Lynetteholm environmental impact projections based on 41-year-old research

Greenlighting the dumping of sludge in Køge Bay was partly based on US report involving canal dredging from 1981 

Since January, hundreds of thousands of tonnes of sludge has been dumped into Køge Bay as part of the massive Lynetteholm artificial island construction project. 

The issue came to prominence after attracting heavy criticism from the Swedish government, among others. 

Despite that, the Danish authorities continue to maintain that the dumping doesn’t affect the sea environment in the bay – referring to the project’s environmental impact report.

But now national broadcaster DR has uncovered how the report is based on, among other things, a 41-year-old article from the US.

“It’s based on a number of assumptions for which there is no immediate evidence, so it resembles speculation,” Karen Timmermann, a DTU Aqua professor, told DR.

READ ALSO: Sweden wants Denmark to stop dumping toxic Lynetteholm sludge in Køge Bay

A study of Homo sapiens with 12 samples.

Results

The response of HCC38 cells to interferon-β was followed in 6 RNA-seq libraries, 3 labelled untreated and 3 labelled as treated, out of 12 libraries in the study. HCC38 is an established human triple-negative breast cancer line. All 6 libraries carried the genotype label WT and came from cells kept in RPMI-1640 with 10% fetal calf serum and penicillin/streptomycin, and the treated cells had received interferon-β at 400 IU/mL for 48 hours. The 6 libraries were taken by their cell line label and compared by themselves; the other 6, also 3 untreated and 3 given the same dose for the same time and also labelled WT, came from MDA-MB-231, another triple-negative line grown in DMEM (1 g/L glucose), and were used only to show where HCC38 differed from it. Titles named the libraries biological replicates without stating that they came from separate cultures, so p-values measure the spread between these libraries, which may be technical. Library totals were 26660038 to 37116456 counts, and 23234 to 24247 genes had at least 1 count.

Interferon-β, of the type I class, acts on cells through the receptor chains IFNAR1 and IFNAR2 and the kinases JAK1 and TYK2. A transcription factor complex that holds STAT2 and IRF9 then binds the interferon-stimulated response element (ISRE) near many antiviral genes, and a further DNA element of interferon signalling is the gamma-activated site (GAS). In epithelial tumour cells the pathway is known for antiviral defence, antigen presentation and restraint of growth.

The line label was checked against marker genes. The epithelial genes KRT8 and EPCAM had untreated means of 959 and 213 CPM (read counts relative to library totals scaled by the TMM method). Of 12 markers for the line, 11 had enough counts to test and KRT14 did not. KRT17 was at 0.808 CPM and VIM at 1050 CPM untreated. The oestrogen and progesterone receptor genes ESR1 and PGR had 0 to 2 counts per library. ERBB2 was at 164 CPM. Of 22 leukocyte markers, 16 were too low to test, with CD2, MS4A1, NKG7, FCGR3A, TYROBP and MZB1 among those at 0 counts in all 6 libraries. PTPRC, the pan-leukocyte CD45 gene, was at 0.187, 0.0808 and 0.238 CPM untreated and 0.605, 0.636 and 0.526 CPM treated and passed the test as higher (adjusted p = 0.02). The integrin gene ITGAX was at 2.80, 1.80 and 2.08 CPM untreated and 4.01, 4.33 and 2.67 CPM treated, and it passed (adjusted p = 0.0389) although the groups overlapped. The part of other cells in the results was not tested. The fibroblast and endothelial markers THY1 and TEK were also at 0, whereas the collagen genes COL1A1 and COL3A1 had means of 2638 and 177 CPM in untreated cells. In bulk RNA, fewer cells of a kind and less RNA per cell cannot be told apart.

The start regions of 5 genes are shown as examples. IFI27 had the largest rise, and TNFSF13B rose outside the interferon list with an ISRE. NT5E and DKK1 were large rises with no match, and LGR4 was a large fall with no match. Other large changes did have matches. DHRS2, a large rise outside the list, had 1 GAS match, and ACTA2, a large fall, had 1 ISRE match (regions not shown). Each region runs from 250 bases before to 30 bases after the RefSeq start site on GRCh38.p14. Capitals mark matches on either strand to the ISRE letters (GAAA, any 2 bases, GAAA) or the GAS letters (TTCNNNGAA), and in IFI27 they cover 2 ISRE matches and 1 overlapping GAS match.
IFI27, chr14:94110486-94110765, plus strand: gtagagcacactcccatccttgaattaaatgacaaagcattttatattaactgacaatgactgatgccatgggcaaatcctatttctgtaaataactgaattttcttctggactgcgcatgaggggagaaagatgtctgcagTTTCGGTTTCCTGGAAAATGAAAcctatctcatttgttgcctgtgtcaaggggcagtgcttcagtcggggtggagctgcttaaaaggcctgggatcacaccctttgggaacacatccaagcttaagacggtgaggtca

Sticking to their guns
Timmermann’s conclusion is backed by several other Danish experts and the authors of the original US report, which pertains to the environmental impact of canal dredging in a number of US estuaries.

Fred Lee, one of the researchers behind the report, underlined that their method would require thorough investigations of local conditions in Køge Bay to be used as evidence. 

“We don’t understand how the orgnisation behind this project has used our data to reach the conclusion there is no significant environmental impact,” Lee told DR.

Despite the news, city developer By & Havn maintains that its environmental impact report is sound and that this was the best calculation procedure.

To add insult to injury, a heavy grey residue recently began washing up in Copenhagen waterfront areas, much to the disdain of local residents.

Generated by the construction of the dams needed to complete the first phase of the building work, when sand comes into contact with water, By & Havn has confirmed the foam is not toxic.

Nevertheless, locals are adamant they will no longer bathe in their local designated area.